She doesn’t just like him a bit.

No, she loves him so much that she sacrifices huge amounts of time for him, and is even prepared to travel round the world for him. Two or three times a week, she’s out and about for him and with him, and that’s in addition to her day job. He’s not unattractive, though: slim, tall and that fragrance – you can go into raptures quite easily. A definite eye-catcher indeed.

So who exactly is Johanna Reith’s inseparable, faithful companion?


It’s the hop plant, in all its different types, variations and processing options. A funny sort of companion, you think? Not for a Hop Queen! Because since August 2014 the 22-year-old has been the “ruler” of Hallertau, Germany’s premier hop-growing region, and in her office represents the crop and the region worldwide.

Despite all her passion and enthusiasm, however, Johanna is emphatically not a starry-eyed romantic, who idealises “her” hops or is tempted into flowery descriptions of aromas. Quite the contrary. When I ask her what she likes so much about hops, the answer is immediate: “That they grow so quickly. It’s good for business!” What’s more, Johanna thinks it’s great that hops are such an adornment to the rural scenery – and she’s certainly right there: the long poles with the hops climbing up them are a genuine contrast to the flat fields around them. Talking of contrast – diversity is something that she quite generally likes about hops as a raw material: not only all those different varieties, but also the innumerable products they can be used to make. Beer springs to mind immediately, of course, but is quickly followed by products like tea, cosmetics, natural remedies or liqueurs.



She probably gets her pragmatic, business-driven viewpoint, as well as her enthusiasm for hops, from her parental home and her childhood – Johanna comes from one of Wolnzach’s last hop-farming families, which means she’s a true child of this hop-growing stronghold. There, of course, she always used to lend a hand, especially with twisting the hops (which means winding their shoots round the wires of the poles). This laborious task has had a lasting impact on Johanna and her attitude to hops, as I notice when I put my next question. So what is her favourite variety, I ask – and expect a paean of praise for a particularly fruity or intensive aroma. But here, too, her entrepreneurial mindset and her practical attitude tip the balance. “Oh, definitely the Hercules.” Why? “Because it has such a high yield. And is the easiest one to twist. And it bears beautiful cones as well.“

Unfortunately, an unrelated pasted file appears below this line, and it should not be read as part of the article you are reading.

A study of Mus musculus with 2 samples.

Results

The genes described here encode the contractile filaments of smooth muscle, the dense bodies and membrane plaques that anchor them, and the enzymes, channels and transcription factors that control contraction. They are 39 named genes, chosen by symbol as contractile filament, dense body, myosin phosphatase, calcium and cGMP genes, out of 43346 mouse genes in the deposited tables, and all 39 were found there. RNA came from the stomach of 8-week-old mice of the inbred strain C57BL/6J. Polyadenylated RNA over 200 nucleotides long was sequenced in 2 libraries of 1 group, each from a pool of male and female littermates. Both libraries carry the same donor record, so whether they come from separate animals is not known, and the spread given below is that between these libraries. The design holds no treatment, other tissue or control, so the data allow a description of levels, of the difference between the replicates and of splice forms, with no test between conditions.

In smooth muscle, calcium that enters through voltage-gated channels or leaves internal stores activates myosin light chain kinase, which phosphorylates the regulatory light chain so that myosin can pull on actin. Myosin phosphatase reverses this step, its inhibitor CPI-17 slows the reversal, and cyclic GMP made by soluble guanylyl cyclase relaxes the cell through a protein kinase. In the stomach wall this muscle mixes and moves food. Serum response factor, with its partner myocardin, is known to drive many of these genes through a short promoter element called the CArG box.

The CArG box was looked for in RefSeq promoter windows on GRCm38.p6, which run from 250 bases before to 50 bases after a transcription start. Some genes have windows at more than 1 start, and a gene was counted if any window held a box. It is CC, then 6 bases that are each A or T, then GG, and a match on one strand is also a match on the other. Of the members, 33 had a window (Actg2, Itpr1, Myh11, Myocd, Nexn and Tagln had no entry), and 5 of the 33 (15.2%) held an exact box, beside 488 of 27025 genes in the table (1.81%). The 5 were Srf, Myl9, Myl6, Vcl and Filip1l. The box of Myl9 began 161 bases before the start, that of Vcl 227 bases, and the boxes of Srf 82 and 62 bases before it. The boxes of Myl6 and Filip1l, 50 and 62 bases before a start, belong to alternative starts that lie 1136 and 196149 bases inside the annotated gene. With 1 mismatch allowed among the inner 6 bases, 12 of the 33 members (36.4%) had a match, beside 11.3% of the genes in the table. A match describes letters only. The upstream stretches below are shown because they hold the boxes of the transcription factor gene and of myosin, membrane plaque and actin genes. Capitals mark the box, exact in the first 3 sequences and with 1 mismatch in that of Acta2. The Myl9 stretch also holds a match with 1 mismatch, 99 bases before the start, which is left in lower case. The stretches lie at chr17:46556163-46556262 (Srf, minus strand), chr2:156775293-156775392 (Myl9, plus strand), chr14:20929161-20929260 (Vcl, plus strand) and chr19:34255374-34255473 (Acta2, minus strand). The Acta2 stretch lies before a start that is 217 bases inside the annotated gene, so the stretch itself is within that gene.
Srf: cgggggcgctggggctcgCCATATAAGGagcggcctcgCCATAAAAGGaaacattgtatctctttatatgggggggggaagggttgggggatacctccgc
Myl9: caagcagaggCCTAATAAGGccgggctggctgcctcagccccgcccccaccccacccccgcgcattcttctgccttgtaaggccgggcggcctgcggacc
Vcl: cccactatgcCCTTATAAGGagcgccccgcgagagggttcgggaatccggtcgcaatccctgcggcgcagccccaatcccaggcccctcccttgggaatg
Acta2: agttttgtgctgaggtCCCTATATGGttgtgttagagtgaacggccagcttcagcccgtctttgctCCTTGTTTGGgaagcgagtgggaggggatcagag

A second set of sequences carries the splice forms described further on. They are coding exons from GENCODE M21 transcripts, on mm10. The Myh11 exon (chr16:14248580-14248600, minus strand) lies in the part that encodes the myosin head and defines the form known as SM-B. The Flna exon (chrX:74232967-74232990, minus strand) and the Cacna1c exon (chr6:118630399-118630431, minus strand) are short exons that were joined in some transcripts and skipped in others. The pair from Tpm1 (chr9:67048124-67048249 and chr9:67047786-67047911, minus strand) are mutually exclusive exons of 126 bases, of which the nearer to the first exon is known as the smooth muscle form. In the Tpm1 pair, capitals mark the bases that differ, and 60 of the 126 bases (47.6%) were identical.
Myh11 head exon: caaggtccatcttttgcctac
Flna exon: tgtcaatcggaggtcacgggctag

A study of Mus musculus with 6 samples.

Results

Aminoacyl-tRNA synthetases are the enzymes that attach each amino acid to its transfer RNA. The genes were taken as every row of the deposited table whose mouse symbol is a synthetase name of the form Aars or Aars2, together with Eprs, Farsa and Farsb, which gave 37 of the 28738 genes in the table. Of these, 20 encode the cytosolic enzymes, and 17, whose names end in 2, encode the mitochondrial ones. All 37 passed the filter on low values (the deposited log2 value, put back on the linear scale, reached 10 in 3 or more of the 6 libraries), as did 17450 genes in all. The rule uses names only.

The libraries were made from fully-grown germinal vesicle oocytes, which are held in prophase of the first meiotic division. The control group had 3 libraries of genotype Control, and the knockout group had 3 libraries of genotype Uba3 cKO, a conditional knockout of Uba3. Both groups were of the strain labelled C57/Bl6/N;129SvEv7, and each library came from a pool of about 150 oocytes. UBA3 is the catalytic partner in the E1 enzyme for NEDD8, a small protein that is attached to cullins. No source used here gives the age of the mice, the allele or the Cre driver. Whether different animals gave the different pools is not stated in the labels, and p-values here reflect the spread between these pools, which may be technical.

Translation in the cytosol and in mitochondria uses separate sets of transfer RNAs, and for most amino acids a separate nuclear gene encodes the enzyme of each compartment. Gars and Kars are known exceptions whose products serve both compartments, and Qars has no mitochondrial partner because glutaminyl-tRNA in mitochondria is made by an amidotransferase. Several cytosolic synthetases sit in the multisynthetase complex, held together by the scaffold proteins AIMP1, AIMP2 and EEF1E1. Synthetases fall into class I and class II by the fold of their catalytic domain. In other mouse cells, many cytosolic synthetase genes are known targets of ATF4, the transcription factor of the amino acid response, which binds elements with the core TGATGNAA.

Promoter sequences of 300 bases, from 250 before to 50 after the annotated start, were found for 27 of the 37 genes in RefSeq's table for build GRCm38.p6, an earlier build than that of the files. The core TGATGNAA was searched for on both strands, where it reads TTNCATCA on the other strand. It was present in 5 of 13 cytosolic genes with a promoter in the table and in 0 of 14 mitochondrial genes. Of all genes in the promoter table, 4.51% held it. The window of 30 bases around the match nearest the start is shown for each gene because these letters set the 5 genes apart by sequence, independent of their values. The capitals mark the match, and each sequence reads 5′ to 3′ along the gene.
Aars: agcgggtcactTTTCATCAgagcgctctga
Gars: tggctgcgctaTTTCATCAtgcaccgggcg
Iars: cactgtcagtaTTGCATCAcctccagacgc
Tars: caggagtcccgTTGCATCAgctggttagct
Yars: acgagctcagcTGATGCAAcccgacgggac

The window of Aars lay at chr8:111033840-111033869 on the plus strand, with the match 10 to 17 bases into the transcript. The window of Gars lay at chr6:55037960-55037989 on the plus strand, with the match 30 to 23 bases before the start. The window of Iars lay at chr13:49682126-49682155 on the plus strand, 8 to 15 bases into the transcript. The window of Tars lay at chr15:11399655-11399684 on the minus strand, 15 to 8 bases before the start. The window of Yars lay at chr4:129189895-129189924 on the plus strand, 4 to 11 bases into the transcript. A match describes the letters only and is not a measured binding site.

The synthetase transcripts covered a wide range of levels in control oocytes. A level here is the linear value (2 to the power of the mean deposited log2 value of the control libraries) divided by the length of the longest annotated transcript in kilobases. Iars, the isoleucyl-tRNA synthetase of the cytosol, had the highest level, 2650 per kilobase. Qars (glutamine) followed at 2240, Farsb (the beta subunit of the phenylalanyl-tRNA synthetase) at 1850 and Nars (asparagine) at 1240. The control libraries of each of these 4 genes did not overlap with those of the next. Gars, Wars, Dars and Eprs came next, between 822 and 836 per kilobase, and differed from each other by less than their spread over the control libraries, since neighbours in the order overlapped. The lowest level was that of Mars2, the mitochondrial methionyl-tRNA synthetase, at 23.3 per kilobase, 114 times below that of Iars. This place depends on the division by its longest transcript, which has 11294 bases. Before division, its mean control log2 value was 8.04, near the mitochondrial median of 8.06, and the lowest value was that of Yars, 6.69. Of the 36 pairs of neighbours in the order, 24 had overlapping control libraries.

But this doesn’t mean that she doesn’t care about the aromas! Johanna even delights in trying out different beers, and is always pleased when she gets a chance to taste something special. So her trip to the CBC in Portland was an ideal opportunity. Together with the Hop-Growers Confederation, she was an active visitor to the fair, and learned all kinds of new things about the craft beer movement. After that, there were a few days left to tour some of Oregon’s numerous breweries before returning to Bavaria. She approves of the craft beer trend anyway, not only because of all the exciting new beer flavours. After all, it benefits the hop industry as well: the diversity is progressively increasing thanks to new flavour hops, while intensified efforts are being made to breed new varieties. With a laugh, she remarks that in fact it’s also a good thing that for many of the new types large quantities of hops are needed – you can’t help noticing how much that cheers her, and how delighted she is that this boom effect is starting to show up in her regional homeland as well.


The present Queen remains in office until August, whereupon the Hallertau Trinity of Queen, Vice-Queen and Princess will be elected anew. Johanna will then again have more time for her actual job as a back office executive – though she’s probably never going to lose contact with hops altogether. After all, there’s more than enough work to do at home, and a whole lot of hops that are waiting to be twisted.